Emerging markets are facing their demons as traders mull whether U.S. Federal Reserve interest rates will rise as high as 6%, a level that could kick weaker countries when they’re down, while diverging global growth paths and China’s reopening might cushion some of the blow for the bigger ones.
Expectations for where the Fed’s terminal rate would peak have been rising at breakneck speed: Markets are pricing in a 5.5%-5.75% range for September, while the CME FedWatch tool shows a near 50% chance for the band to hit 6% that month.
The scale and pace of the move makes for uncomfortable reading for investors in developing stocks, bonds and currencies that have often buckled under rising global rates.
“The current repricing risk in the Fed’s terminal fed funds rate to perhaps 6% in a short period of time is in the context of (the) response to inflation running stubbornly well-above target in a weakening global GDP growth environment,” Satyam Panday, chief emerging markets economist at S&P Global Ratings told Reuters.
“This mix is generally a net negative for emerging markets.”
Expectations for further Fed hikes had been for 25 basis point increments, but Fed Chair Jerome Powell on Tuesday brought a faster pace back to the table. Few expect a smooth ride for the remainder of the week, with the monthly U.S. jobs report for February providing markets with more evidence to chew over.
“Fed tightening towards 6% would firmly test historical ‘pain thresholds’ for emerging market assets,” said UBS strategist Manik Narain in a note, predicting India’s rupee, China’s yuan and the Philippine and Chilean pesos could weaken as much as 5% if the Fed ramped up rates to 6%.
A recent Barclays analysis showed a 50 basis point Fed rate hike would increase interest rate volatility, which “would be more destabilizing initially, as it typically comes with EM FX underperformance, which could trigger a further leg up in EM rates.”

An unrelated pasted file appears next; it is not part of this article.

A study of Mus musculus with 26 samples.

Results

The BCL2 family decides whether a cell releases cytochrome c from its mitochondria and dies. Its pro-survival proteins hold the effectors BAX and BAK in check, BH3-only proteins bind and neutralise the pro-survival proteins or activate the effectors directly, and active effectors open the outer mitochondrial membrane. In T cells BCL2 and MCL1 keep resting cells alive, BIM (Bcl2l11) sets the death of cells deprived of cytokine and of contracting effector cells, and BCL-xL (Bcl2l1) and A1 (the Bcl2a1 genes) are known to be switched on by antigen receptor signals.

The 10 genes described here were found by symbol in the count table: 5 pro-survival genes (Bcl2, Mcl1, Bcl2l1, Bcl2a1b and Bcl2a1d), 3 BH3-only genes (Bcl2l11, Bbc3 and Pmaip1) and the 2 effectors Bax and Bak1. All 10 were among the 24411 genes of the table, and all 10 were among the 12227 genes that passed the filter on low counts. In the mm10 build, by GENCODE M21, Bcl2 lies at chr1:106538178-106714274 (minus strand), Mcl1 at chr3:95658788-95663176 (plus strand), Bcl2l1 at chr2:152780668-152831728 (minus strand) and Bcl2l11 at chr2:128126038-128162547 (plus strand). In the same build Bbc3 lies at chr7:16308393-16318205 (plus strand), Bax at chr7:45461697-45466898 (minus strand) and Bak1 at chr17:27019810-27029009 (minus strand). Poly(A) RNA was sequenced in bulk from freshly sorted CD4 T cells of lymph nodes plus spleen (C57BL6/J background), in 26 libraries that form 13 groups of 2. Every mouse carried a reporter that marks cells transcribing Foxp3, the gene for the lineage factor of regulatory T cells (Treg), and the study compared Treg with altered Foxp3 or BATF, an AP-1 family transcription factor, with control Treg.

Analysts at JPMorgan expect the dollar to weaken once the terminal rate stabilizes, but a 50-basis point Fed hike “would be a regime-shift in favor of outsized USD-strength.”
“Frontier markets is where you’ll likely see the brunt of the hit” of sharply rising rates, said Sahil Mahtani, multi-asset strategist at investment firm Ninety One.
The number of smaller, riskier emerging markets where investors demand a premium of 10 percentage points or more over safe-haven U.S. Treasuries has remained broadly steady at around 30 countries, with a recent rally bringing no relief, analysts at Tellimer found. These countries, which include Kenya, Egypt and Pakistan, are essentially locked out of capital markets.
But local fixed-income markets in bigger developing economies are also set to feel the pinch. A 6% Fed rate environment alongside still-hot inflation does make short-term rates in Chile and India as well as Poland, the Czech Republic and Hungary most vulnerable, UBS found.
Flows to EMs soared in January but slowed to a crawl in February, signaling a warning to investors. Citi data showed on Monday that outflows resumed last week, with real money leaving Latin America and emerging Europe, the Middle East and Africa while hot money, or speculative capital, left Asia and Latam.
Investors, especially on the equities side, could see China’s reopening somewhat offsetting a looming downturn in the United States and some of Fed rates’ historic weight on emerging markets.
Emerging stocks are up just 2% this year after a combined 26% drop in the previous two and broadly lag developed peers. Chinese equities could provide a safe haven in a 6% fed funds rate scenario, UBS said.
The emerging market universe being more Asia-centric than in previous sharp increases of global rates means that investors can’t “look at the textbook of history” according to Nuno Fernandes, a New York-based portfolio manager for GW&K’s Emerging Wealth Equity Strategy.
China accounts for nearly a third in the EM equity benchmark and near 5% in the fixed-income hard-currency index, which is supportive of the asset class.
“Investors are conditioned to think that EM tail risk emerges in the context of aggressive U.S. rate hiking cycles,” said Ninety One’s Mahtani. “I think it’s dangerous to say this time is different, but it feels like it’s not that mechanical this time.”